Centre for Continuing Education

HSC English Advanced Preparation Course - Module A: 'Ariel' and 'Birthday Letters'

HSC English. The smart way to prepare for your HSC.


This new two-day HSC English preparation course focuses on a pairing of selected poems by Sylvia Plath and Ted Hughes for the Advanced English Module A: Textual Conversations.

As Plath had died by her own hand when Ariel was published and Hughes was still living when he published Birthday Letters, the complex textual conversation involves a silenced woman still speaking through her best poems and a Poet Laureate speaking finally to his dead wife and to decades of public outcry against his role in Plath’s death and the management of her legacy.

From this demonised yet privileged position, Ted Hughes gives an extraordinary poetic gift to his lamented, mythologised partner who actively conjured an image of herself as an artistic persona perfected in death and therefore beyond both his reach and the public gaze. The poets explore mutual concerns with identity and relationships complicated by sexual politics and the shadow of the Second World War on the modern world.

Hughes introduced Ariel with reference to Plath’s private cosmology so it is this complex symbolism, particular wrought by an idiosyncratic use of colour imagery, motifs, and metaphors that will generate classroom discussion of the texts as a pair. Discussion will focus on how poetic form, in combination with metrical effects, evokes the consciousness of these reflective individuals reading their extraordinary shared tragedy across time and death’s border.

Students will consider the ways in which Hughes' reimagining or reframing of key aspects of Plath’s poems mirror, align or collide with the striking details of the Ariel poems set for study. The poets' shared concerns will splinter into the values and assumptions held in common and those that are violently disparate as their poetry is read with a careful ear for the allusions and intertextual interplay peculiar to these distinctive writers. Students will interrogate the central issue of the mythologised Plath and the damaged Hughes' persona, forever connected in the public mind both when the poets were at war with themselves and with each other and now, perhaps, when the textual conversation between them has found a fragile peace.

Pair of prescribed texts: Sylvia Plath - Ariel (‘Daddy’, 'Nick and the Candlestick, ‘A Birthday Present’, ‘Lady Lazarus’ and ‘Fever 103˚’) and Ted Hughes - Birthday Letters (‘Fulbright Scholars’, ‘The Shot’, ‘A Picture of Otto’, ‘Fever’, ‘Red’ and ‘The Bee God’).


By the end of this course, you should be able to:

  • analyse and discuss the distinctive aesthetic of the prescribed poems as a pair in terms of literary perspectives on love, loss, the individual and society through consideration of poetic form and the use of private symbolism, whether shared or reimagined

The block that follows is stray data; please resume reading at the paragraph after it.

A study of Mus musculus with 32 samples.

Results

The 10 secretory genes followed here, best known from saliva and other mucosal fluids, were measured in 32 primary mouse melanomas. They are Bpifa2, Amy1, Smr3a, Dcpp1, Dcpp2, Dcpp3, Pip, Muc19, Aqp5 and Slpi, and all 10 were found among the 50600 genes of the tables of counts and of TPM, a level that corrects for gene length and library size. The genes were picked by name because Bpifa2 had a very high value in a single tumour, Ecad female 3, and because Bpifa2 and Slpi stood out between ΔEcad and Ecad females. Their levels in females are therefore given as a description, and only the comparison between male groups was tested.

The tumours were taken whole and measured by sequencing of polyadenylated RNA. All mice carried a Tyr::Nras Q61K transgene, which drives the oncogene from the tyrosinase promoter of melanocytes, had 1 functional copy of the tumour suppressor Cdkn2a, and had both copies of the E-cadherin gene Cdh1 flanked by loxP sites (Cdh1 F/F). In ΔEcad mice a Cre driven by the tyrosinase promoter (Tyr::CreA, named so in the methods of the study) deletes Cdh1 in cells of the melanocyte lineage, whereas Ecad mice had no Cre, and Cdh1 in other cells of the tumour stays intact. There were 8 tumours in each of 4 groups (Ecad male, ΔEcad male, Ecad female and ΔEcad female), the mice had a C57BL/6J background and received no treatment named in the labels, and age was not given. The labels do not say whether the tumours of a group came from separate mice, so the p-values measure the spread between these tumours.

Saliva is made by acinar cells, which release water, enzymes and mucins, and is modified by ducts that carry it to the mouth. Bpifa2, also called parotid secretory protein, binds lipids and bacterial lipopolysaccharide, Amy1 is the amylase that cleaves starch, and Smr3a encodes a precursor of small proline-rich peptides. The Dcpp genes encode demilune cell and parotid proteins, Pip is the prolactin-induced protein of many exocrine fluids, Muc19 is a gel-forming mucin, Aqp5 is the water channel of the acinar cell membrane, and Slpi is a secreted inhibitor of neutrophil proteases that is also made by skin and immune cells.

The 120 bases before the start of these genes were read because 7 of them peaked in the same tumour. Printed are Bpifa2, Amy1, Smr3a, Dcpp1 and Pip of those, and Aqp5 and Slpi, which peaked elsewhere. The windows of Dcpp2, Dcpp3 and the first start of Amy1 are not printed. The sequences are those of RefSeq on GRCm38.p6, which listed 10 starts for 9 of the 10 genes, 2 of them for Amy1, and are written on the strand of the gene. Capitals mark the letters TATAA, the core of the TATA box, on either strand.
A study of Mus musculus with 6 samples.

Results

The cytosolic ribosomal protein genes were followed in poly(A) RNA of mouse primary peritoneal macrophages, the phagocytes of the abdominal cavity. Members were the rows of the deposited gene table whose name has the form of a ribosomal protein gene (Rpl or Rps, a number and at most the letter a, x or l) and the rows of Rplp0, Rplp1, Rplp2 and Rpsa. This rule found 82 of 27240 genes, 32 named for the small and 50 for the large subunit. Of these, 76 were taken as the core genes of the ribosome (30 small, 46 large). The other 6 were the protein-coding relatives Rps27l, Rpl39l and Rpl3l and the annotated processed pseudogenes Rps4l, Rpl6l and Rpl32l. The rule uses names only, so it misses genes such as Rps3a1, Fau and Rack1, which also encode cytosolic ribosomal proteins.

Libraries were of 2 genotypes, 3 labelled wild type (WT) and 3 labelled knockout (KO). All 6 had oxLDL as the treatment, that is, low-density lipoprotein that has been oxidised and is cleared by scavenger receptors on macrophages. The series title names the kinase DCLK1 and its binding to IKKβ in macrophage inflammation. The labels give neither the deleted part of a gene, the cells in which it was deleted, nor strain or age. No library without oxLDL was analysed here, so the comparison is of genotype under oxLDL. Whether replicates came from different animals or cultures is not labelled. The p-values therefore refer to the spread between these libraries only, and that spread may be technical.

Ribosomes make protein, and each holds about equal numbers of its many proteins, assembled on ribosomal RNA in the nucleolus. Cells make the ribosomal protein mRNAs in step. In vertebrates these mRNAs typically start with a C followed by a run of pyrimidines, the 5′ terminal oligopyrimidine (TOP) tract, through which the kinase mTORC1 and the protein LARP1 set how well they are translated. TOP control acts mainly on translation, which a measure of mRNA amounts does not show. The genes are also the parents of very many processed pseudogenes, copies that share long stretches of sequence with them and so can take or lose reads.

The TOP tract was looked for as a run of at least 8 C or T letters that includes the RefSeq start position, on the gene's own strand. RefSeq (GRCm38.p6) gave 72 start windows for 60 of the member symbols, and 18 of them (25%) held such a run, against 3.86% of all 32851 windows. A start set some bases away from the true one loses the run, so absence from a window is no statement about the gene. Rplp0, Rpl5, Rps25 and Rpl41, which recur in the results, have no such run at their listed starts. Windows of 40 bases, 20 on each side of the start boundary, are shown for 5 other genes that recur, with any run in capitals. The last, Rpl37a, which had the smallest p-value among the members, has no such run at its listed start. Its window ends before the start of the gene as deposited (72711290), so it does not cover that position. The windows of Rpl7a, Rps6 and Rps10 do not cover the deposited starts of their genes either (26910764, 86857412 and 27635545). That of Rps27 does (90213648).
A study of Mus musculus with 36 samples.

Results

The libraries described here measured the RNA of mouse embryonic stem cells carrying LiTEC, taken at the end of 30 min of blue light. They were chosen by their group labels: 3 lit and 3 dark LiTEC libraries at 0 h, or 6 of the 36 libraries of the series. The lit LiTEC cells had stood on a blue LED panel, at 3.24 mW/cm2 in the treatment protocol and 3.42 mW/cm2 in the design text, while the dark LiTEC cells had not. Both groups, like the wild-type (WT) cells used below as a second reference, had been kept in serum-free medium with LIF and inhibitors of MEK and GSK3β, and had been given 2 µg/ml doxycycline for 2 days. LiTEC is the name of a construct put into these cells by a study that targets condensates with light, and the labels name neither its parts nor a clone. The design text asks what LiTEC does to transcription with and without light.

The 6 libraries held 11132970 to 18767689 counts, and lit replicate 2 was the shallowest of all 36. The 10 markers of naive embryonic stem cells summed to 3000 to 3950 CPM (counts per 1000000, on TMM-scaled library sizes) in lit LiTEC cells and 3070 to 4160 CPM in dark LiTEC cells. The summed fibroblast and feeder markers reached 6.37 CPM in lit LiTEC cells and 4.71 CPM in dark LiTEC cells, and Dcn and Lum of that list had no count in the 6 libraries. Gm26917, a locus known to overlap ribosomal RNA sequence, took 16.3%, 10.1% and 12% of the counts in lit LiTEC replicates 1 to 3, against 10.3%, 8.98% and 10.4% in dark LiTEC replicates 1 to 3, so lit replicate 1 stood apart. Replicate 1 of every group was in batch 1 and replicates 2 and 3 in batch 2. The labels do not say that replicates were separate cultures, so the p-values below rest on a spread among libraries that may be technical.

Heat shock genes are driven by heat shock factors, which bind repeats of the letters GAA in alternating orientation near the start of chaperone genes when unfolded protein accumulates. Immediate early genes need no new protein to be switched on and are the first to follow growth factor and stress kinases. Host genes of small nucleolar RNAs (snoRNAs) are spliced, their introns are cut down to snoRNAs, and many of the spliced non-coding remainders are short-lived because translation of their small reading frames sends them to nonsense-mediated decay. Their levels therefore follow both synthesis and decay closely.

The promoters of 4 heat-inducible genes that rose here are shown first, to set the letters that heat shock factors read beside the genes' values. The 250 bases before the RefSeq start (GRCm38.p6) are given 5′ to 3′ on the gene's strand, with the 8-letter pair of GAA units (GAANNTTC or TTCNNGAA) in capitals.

• recognise that the poetic exploration of key concerns in the poetry of Plath and Hughes highlights tensions around the bitterly conflicted individual in an oppressive society as well as revealing moments of resigned peace with self and others.


  • Review of language forms and features and the appropriate use of language and terminology in interpreting the poems paired for study.
  • Analysis and evaluation of the effectiveness of language patterns in poetry, particularly figurative choices.
  • Explanation of the ways specific language concepts, for example imagery, symbolism or sound, shape meaning for different audiences and purposes.
  • Comparison and evaluation of the use of textual conventions and patterns in texts from different contexts to deepen understanding of how meaning is made.

Intended audience

HSC English Advanced students studying Sylvia Plath’s Ariel and other selected poems and Ted Hughes' Birthday Letters and other selected poems, for the Advanced English Module A: Textual Conversations.

Delivery style

The facilitator will analyse the poems in a blended learning environment that integrates online activities and resources with supplementary materials in a concise course booklet.

Writing activities will generate fresh ideas regarding how a composer may be influenced by another text’s concepts and values. Focus questions derived from the rubric will encourage you to explore the relationship between these poems and their contexts, particularly in terms of the construction of post-war masculinity and the repression of the woman writer in the 20th Century. Passages from the poetry will be used as a stimulus for comparative analysis along with provocative statements about the literary relationship of Plath and Hughes.

Guided group discussion of the poetry as a textual conversation will be supported by comment from the tutor to encourage personal and informed readings in the context of the module.


You will be provided with a course booklet (electronic copy).

Bring your own device

You are required to bring your own device (Windows or Mac) and a power chord. Please ensure your device is fully charged as access to power is limited.

Please note that University does not carry any responsibility for your lost, stolen, or damaged devices whilst on the University premises.


EA 12-3, EA 12-4, EA 12-6

Getting Through Your HSC: A Practical Guide

While you progress through this journey and also the conclusion of your schooling life, we know you’ll have a lot on your mind – exams, future study, careers – but remember, while keeping focused on these bigger goals and aspirations, it’s also important not to forget your own health and well-being.

For tips on staying motivated and keeping focused, dealing with anxiety, keeping healthy, relaxation, pre-study exercise and more, read our article Getting Through Your HSC: A Practical Guide.